Israeli forces responded with helicopter-launched missile attacks on separate targets in Gaza City, killing at least nine people.
Within an hour of the bus bombing, Israeli helicopters fired on the motorcade of Tito Massoud, a leader of the Palestinian militant group Hamas, an Israeli television report said.
It was the second attempt on a Hamas leader by Israeli forces in as many days. Israeli military sources said the strike was planned before the bombing in Jerusalem, CNN reported.
Pictures from site of the missile attack in Gaza showed firefighters dousing a group of badly damaged, smoking cars with water.
Israeli gunships fired on another target in Gaza just after midnight Thursday, local time, killing two people, according to the Associated Press.
Television news reports from the scene of the suicide bombing showed paramedics attending to victims near the scorched, twisted shell of the bus on a Jerusalem street.
“The explosion went off during afternoon rush hour on city bus No. 14 on Jaffa Street, Jerusalem’s main thoroughfare, near Mahane Yehuda, Jerusalem’s outdoor market which repeatedly has been targeted by Palestinian militants in the past,” AP correspondent Ravi Nessman reported from Jerusalem.
The AP reported that Hamas leader Mahmoud Zahar said the bus attack was “a message to all the Zionist criminals that they are not safe and that the Palestinian fighters are capable of reaching them everywhere.”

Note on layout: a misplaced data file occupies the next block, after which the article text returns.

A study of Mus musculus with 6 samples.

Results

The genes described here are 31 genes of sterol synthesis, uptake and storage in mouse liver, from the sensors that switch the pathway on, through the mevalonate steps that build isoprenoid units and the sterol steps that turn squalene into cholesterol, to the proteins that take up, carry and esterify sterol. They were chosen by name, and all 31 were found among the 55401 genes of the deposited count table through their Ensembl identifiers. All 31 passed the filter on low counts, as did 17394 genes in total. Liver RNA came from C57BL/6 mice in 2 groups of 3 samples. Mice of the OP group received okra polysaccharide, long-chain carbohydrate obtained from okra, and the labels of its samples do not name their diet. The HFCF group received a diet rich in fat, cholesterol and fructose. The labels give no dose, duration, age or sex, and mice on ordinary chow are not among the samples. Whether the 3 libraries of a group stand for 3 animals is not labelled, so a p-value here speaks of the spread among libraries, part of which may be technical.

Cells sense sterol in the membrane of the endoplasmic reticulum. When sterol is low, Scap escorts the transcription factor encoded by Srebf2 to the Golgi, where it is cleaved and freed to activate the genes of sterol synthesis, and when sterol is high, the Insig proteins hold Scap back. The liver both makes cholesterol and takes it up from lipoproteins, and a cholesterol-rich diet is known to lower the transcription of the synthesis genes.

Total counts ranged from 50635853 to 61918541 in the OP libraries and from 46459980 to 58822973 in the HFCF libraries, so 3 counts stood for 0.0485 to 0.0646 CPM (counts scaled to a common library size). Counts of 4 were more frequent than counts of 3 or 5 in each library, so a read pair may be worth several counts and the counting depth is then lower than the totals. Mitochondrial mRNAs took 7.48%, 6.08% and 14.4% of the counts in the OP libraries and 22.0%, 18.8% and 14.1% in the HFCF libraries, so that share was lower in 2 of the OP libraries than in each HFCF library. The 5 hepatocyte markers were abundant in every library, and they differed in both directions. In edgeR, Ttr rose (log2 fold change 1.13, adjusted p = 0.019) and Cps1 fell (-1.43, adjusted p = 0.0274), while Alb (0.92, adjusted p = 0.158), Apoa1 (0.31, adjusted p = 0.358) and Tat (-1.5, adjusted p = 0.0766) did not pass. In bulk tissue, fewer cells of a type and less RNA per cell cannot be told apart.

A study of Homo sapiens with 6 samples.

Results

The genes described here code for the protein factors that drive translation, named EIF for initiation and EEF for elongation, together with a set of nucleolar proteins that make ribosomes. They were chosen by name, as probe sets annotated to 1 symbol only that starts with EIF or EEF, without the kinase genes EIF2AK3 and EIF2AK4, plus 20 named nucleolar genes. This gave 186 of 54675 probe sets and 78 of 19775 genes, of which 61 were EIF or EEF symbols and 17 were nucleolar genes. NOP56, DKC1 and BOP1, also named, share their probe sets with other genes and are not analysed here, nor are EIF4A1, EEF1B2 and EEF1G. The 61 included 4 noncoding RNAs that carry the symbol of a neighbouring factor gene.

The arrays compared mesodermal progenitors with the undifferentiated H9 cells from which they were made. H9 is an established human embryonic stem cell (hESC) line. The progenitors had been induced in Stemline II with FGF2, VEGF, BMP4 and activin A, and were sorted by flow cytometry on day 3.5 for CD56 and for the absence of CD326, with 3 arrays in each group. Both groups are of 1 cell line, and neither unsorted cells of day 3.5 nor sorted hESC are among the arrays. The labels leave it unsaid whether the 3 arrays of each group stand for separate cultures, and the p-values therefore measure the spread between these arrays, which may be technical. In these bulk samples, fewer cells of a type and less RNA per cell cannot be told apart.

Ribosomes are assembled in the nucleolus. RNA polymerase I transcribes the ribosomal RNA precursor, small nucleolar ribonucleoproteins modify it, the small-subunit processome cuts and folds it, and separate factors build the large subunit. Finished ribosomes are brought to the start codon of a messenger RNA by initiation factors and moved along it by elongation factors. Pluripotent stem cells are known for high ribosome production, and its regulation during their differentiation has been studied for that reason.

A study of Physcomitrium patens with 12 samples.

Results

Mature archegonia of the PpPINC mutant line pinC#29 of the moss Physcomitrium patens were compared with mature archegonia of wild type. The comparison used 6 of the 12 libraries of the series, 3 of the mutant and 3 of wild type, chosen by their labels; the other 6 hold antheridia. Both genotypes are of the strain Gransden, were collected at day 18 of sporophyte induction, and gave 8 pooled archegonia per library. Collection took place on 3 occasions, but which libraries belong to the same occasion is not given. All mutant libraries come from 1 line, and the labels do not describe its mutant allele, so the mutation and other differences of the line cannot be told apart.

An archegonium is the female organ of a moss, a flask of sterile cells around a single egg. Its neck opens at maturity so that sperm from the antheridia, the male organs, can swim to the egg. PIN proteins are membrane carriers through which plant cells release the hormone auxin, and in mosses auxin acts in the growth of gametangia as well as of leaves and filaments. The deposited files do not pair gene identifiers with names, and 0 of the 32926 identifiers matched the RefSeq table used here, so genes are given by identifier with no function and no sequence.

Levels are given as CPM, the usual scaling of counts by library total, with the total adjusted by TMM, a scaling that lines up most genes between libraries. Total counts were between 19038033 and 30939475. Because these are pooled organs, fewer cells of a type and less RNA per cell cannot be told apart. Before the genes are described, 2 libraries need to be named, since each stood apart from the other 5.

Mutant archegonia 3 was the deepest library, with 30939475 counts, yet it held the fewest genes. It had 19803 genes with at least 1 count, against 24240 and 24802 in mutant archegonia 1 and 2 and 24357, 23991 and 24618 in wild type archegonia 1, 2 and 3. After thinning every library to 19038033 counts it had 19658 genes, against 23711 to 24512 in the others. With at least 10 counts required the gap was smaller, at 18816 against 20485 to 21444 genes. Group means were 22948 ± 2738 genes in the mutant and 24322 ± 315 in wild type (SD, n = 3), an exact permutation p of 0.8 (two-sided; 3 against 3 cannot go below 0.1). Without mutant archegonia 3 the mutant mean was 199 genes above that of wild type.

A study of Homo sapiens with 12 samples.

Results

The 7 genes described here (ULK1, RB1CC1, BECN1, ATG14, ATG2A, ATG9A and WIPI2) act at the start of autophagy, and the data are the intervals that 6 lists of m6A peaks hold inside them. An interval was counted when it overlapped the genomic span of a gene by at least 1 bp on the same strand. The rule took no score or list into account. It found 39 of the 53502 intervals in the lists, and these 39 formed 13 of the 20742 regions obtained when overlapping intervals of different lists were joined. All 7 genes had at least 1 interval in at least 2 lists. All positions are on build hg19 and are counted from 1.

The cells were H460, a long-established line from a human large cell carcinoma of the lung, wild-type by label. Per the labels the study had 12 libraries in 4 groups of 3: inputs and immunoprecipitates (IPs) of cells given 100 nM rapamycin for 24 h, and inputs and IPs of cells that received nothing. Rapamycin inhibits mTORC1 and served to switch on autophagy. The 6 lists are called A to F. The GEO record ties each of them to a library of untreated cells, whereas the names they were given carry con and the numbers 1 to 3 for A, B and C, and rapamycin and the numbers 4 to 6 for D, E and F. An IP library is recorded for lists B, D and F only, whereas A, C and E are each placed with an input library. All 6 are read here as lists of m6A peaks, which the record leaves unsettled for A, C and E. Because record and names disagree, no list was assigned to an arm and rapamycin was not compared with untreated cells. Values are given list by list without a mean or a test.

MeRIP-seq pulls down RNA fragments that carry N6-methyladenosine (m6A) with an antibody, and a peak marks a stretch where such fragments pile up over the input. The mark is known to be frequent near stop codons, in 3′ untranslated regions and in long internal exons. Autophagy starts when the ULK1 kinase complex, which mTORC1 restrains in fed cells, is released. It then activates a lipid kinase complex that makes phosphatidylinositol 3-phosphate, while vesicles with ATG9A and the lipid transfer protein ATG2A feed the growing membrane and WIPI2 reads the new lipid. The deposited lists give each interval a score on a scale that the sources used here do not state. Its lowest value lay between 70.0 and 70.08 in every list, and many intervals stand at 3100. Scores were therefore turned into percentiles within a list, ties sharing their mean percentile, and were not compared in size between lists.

Israeli government spokesman David Baker told Reuters the bus attack “was another example of unbridled Palestinian terrorism which must be stopped immediately by the Palestinian Authority.”
The bus bombing came a day after the attempted assassination of Abdel-Aziz al-Rantissi, another Hamas leader, by Israeli forces. Rantissi was wounded when missiles fired from Israeli helicopters hit the car in which he was traveling. Hamas immediately vowed revenge.
The latest cycle of violence comes on the heels of a June 4 peace summit hosted by President Bush and attended by the Israeli and Palestinian prime ministers in Aqaba, Jordan.
On Wednesday, President Bush called on all nations to “fight off terror, to cut off money to organizations such as Hamas, to isolate those who hate so much that they’re willing to kill to stop peace from going forward,” the AP reported.
At the Aqaba summit, newly appointed Palestinian Prime Minister Mahmoud Abbas pledged to fight terrorism, while Israeli Prime Minister Ariel Sharon promised to begin dismantling unauthorized Israeli settlements in Palestinian areas.
Abbas had been attempting to negotiate a cease-fire with the Hamas but leaders of the group broke off the talks on June 6.
Abbas and Palestinian President Yasser Arafat both condemened the attacks. Arafat called on both sides to return to the negotiating table, the AP reported. Hamas reportedly reponded with a statement rejecting Arafat’s calls to stop the violence.
Sharon said Israel would “continue to pursue until the end the terrorists and those that send them.”